BABE OF THE DAY - VALERIE PEREZ...
2 hours ago
In essays on the subject of centricity, I've most often used the image of a geometrical circle, which, as I explained here, owes someth...
... because the established mythology at the time of this 1954 comic continually emphasized a romantic tension between Batman and Catwoman-- that's the narrative value-- the scene (which isn't in the story) takes on a significant value of "battle of the sexes," which is certainly one motif within the story proper (a reformed Catwoman returns to crime because she wants to challenge Batman again). We cannot know if the adult raconteurs who crafted the story (Edmond Hamilton and a "Bob Kane" ghost) were aware of the S&M associations of the whip, particularly when it's wielded by one gender against the other, but if they did they may've assumed that the scene would "tease" readers into buying the comic even though, being 1954 juveniles, they might not know consciously why the scene seemed appealing.
But Flash, if you keep finding new enemies, when can we hold our wedding?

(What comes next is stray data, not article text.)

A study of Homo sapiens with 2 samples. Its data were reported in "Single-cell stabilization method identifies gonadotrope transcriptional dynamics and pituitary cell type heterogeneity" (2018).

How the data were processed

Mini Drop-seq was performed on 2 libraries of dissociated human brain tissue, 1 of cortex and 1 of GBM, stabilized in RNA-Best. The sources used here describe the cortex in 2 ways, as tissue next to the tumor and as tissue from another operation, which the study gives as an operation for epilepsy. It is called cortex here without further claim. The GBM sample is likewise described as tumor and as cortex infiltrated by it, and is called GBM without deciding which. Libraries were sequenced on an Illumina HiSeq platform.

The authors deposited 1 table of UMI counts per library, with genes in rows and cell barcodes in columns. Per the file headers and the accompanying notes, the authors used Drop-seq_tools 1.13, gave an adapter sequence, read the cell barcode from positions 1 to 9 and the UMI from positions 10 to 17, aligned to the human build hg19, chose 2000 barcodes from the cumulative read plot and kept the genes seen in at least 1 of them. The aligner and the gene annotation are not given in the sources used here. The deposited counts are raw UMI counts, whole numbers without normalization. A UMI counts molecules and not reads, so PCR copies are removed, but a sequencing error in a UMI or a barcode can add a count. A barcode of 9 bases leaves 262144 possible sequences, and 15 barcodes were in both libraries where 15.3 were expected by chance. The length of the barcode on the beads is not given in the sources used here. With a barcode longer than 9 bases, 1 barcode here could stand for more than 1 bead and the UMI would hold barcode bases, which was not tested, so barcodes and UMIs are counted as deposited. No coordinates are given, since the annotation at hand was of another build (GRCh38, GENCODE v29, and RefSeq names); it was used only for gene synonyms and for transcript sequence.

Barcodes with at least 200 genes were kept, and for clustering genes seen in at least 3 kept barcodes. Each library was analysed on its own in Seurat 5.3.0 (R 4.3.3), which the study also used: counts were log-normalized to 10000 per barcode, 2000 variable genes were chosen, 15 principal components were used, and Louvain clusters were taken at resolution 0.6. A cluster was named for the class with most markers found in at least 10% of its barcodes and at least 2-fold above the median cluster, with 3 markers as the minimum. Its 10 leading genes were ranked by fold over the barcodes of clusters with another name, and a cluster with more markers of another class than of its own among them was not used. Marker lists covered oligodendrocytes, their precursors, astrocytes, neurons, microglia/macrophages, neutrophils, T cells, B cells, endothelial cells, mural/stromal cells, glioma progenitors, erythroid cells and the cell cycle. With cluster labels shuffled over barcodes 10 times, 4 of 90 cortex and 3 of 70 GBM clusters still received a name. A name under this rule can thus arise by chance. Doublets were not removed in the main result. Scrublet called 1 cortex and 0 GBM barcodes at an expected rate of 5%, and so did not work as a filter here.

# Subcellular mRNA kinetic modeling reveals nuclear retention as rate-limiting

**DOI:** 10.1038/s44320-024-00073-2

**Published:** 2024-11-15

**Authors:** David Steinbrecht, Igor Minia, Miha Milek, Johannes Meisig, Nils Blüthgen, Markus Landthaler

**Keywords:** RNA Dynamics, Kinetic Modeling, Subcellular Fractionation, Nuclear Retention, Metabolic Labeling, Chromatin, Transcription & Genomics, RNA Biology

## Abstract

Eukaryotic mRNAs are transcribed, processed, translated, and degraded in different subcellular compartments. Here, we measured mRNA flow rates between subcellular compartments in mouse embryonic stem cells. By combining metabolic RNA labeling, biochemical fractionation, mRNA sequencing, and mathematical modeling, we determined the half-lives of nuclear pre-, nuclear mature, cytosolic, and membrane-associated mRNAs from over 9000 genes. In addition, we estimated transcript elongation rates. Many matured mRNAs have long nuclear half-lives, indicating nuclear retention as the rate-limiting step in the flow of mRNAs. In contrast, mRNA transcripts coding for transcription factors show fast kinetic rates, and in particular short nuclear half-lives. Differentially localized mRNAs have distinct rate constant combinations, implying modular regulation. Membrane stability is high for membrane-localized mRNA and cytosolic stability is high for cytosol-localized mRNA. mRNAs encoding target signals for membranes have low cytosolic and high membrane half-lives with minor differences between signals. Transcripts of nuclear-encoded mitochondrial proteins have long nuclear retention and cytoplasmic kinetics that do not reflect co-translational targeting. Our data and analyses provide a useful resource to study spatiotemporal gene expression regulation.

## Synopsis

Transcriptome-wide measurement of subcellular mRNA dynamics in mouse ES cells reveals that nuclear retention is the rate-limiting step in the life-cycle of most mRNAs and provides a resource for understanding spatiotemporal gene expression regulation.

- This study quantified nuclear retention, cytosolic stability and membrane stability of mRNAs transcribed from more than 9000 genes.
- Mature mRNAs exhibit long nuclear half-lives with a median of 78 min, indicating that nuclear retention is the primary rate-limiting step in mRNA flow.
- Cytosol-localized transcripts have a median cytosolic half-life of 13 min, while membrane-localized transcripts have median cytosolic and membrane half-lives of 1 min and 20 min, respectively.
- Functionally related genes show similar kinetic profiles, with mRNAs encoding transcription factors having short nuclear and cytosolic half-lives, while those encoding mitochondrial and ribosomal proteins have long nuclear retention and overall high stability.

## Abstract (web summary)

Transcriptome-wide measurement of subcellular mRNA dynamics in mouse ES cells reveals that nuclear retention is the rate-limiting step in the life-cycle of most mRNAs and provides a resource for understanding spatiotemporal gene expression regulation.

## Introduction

As the 1960s began, a discouraged Lee, nearing his 40th birthday, told his wife, Joan, that he was thinking about leaving his job. She told him that before he quits, why not try to write one story he really liked.
…to be saved is to be weak. And to be weak, one must acknowledge that one exists in a constant state of need. Thar, in his normal state, man is found to be lacking.
Mankind cannot live in peace with [sic] himself. His nature denies this.
The manga series was able to investigate these potential S&M aspects in much greater detail than the series can (though the closing montage works in a fair amount of nudity and chains). About the only episode which gets as wild as the manga is the first-season episode "Math and the Vampire." The story, in both manga and anime, suggests the pressure high-school students feel to excel in subjects like math, for Tsukune is briefly enslaved by evil teacher Ririko, who dresses in sexy outfits but apparently only gets turned on when her favored student mindlessly spouts mathematical theorems. Appropriately, Ririko's form is that of a Lamia, which in Greek mythology was a female creature that murdered children.